Your electric bill is made up of many appliances, devices and electronics. Your heating and cooling system and water heater contribute significantly to how much you pay each month, but lighting and appliances use a lot of energy as well, and the growing number of devices that plug in are starting to make a sizable impact. Fortunately, your electric bills are not set in stone. There are a number of ways to help lower them while also improving convenience and comfort.
Simple yet effective actions
One of the most straightforward habits you can build to save energy is to shut off appliances and electronics (including lights) when they are not in use. Some electronics, such as televisions, draw power even when turned off, so completely unplugging them helps even more. A related solution is to add these devices to a power strip that can be easily switched off and on.
Along with turning off your lights, consider replacing the bulbs with more efficient ones. LEDs are currently the best option and are becoming more affordable. They last 20-30 times longer than incandescent bulbs while being at least 75 percent more efficient. They are also more desirable than CFLs because they provide additional savings and do not contain mercury.
With heating and cooling making up such a large portion of electric bills, keep an eye on your thermostat and try to leave it at the warmest comfortable temperature in the summer and the coolest comfortable temperature in the winter. This will make your heating, ventilation and air conditioning (HVAC) system have to work as little as possible. Depending on your schedule and budget, consider a programmable or smart thermostat to automatically set temperatures throughout the day.
Furthermore, be sure the thermostat fan is on “Auto” so that it runs only when the system is heating or cooling. And during summer months, use a ceiling or space fan to supplement cooling and increase the thermostat setting a bit. Just remember to turn the fan off when you leave the room – unless you are within the fan’s airflow, there is no cooling effect.
Higher savings, longer payback
In addition to the approaches above, there are more advanced steps you can take if you want to continue to increase your house’s efficiency. These measures tend to take more time, money and effort, but they can go a long way toward reducing your electric bill and increasing your comfort.
- Tune your HVAC unit. Having your HVAC system tuned by a contractor at least once every year will help to ensure that it is working effectively, safely and efficiently.
- Air seal holes and cracks. Air sealing holes and cracks can prevent outside air from entering your home and heated and cooled air from leaving it. Check your exterior doors and attic access points to make sure weatherstripping is intact and working properly. Cobwebs and pest droppings can signal areas that may need help. Additionally, inspect attics and crawl spaces for holes and chases that can be capped and sealed. Having an open chase in an attic is similar to having a window open year-round. It can be capped with plywood and sealed with caulk or spray foam.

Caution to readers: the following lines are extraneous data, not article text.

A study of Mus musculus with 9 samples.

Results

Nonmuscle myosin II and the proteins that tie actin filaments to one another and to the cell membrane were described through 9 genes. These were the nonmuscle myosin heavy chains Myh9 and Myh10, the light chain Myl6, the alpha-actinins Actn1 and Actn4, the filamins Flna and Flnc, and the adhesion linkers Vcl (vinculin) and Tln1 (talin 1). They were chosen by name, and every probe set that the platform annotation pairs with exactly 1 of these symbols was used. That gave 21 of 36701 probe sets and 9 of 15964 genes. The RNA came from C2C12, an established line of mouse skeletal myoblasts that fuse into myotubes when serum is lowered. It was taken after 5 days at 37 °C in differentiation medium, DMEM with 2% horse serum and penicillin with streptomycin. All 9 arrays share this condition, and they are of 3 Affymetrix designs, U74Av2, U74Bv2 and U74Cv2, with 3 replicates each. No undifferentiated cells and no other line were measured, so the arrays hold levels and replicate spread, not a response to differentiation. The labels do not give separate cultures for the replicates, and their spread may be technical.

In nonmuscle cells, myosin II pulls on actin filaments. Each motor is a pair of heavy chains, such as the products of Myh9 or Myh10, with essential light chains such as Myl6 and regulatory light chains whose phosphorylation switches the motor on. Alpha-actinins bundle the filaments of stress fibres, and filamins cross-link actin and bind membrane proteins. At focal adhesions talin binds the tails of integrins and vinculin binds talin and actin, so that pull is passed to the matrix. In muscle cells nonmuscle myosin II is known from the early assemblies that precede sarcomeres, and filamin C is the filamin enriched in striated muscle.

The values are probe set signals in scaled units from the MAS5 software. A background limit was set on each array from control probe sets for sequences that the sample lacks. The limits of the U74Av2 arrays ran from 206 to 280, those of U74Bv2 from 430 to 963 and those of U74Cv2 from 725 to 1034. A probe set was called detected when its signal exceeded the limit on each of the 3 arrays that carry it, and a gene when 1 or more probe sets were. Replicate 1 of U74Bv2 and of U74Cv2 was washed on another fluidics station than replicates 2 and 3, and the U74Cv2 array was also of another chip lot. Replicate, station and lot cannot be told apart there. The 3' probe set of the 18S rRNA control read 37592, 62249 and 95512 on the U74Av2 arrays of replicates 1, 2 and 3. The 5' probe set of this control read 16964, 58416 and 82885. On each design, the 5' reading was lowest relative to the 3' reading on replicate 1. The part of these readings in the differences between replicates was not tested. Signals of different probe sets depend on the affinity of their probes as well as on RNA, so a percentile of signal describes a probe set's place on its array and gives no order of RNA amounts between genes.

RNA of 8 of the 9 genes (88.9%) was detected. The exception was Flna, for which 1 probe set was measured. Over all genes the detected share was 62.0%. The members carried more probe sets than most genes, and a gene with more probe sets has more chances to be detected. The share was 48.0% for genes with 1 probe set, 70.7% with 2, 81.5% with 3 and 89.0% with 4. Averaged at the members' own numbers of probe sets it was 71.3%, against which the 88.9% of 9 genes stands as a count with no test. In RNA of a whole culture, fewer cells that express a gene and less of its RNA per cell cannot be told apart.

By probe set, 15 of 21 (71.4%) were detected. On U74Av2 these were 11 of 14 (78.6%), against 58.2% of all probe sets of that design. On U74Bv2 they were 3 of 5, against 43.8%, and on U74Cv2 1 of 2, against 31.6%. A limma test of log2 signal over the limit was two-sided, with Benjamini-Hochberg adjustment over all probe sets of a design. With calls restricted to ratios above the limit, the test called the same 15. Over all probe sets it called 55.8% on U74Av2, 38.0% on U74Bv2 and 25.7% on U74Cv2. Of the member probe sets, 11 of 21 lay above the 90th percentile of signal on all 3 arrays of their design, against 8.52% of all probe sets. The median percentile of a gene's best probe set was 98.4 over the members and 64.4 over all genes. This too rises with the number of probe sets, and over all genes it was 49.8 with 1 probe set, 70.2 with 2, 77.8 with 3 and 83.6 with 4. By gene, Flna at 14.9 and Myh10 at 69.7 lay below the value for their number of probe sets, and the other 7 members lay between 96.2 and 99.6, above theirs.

- Check insulation. Adequate insulation helps regulate heat flow in your home. If you have a crawl space or an open attic, check the insulation at the floor and ceiling. If you notice falling insulation in the crawl space or thin or missing insulation in the attic, it will pay to adjust it or add more. Your local building code will indicate the best insulation depth or “R-value” for your area. Air sealing before insulating your attic will optimize performance, help to more quickly recoup the cost of the improvement and noticeably enhance comfort.
- Repair ducts. Your HVAC system works hard to keep your home comfortable. In all, about 20 to 30 percent of the air moving through your ducts may be lost in the attic or crawl space because of leaks and holes in ductwork. Sealing duct boots with mastic-type sealant can ensure conditioned air cools or heats your home, increasing comfort and costing you less as air stays inside.
- Upgrade your water heater. Water heating can be a big contributor to your electric bill, so when purchasing a new electric water heater, consider a heat pump system. Compared to electric storage tank water heaters, heat pump water heaters can be two to three times more efficient. They use electricity to transfer heat from the surrounding air to the water rather than generating heat directly. These systems typically cost more upfront, but they are cheaper to operate over their life spans.
Upgrading your home can seem like a daunting task, but there are many ways to make a difference depending on how much time and money you want to invest. The measures discussed here may not be cure-alls, but they can be good places to start if you’re looking to lower your electric bill and improve your comfort. Be sure to check with your local utility and government for advice, programs, rebates and incentives. If you are unclear on what measures make the most sense, a reputable contractor may be able to point you in the right direction.